A commercial lease often requires a multi-year commitment. Unlike residential leases that may last for a single month or a year, commercial leases often last for multiple years, sometimes as long as a decade.
A business tenant leasing a space will be responsible for paying that rent even if the company fails or needs to expand into a different space because the original least space is no longer sufficient for its needs. Being responsible for several years of rent at a commercial property can be a major drain on a business’s finances and can put an entrepreneur at risk of financial hardship. Both of the tactics below can help commercial tenants potentially reduce their financial culpability if they opt to terminate a lease early.
Adding the right clauses to the lease in the first place
The best time for a tenant to protect themselves from future financial obligations is when negotiating the lease. It may be possible to convince a landlord to reduce the duration of the lease during the initial negotiations in some circumstances.
Even if the lease period is not negotiable, other contractual provisions could potentially protect the tenant from lawsuits over unpaid rent. A force majeure clause, for example, would give a tenant the right to break the lease without penalty in scenarios beyond their control that force them to close the business. Natural disasters and supply chain disruptions are examples of circumstances that may trigger force majeure clauses.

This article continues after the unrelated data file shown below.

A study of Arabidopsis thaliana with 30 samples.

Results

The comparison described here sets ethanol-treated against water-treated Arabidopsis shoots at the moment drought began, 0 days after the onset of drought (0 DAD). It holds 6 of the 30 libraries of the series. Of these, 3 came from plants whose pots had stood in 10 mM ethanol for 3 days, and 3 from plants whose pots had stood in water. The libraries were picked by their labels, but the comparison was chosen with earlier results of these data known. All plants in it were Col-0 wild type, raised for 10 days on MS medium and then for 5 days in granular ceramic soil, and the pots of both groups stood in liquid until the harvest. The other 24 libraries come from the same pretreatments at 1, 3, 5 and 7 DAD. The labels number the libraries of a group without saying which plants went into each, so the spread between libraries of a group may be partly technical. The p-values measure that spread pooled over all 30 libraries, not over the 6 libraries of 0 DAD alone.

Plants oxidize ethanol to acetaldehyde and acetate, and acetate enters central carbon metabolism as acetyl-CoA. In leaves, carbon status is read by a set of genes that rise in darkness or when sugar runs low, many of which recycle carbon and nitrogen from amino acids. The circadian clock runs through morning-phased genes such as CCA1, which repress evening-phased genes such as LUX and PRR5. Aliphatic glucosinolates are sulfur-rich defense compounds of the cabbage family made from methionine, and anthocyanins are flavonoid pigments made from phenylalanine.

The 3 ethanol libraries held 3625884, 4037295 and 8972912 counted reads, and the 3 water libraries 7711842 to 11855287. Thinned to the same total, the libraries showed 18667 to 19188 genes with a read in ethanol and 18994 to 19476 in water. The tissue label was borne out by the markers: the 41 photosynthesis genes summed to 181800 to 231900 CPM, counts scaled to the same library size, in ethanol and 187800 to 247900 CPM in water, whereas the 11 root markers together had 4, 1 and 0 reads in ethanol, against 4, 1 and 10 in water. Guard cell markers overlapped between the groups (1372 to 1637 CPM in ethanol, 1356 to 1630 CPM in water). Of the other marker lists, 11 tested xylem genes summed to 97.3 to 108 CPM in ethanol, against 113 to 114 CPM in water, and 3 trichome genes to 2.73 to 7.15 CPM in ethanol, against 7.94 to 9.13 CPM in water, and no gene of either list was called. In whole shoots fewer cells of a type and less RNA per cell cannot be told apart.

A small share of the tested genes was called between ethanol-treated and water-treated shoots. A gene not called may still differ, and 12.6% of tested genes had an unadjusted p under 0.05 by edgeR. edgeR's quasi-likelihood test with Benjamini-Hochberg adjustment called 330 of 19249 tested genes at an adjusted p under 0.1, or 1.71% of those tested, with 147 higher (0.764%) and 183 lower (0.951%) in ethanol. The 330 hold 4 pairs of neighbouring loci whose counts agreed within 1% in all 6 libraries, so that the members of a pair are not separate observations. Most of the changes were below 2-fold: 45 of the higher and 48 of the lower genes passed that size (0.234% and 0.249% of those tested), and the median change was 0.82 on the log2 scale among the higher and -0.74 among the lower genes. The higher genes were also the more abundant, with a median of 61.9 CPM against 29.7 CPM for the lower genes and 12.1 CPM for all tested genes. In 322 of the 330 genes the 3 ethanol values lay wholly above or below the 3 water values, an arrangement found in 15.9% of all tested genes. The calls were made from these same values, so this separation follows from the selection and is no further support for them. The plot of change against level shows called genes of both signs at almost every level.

Assigning the lease to a new tenant
When a business files for bankruptcy with multiple months left on its lease, finding another party to take over that lease is often one of the best options. Landlords may also allow someone to end their financial obligation for a lease as soon as they locate a new tenant to take over the space. That type of arrangement can take some of the marketing pressure off of the landlord while ensuring that they will have a steady stream of rental revenue. Even if the business doesn’t intend to file for bankruptcy, it may be possible to have a new tenant assume the remainder of the commercial lease to absolve the current tenant of responsibility to the landlord.
Directly discussing the matter with the landlord and trying to negotiate an amicable arrangement could help a commercial tenant limit the long-term financial challenges they may face if they need to end a lease arrangement for a property early.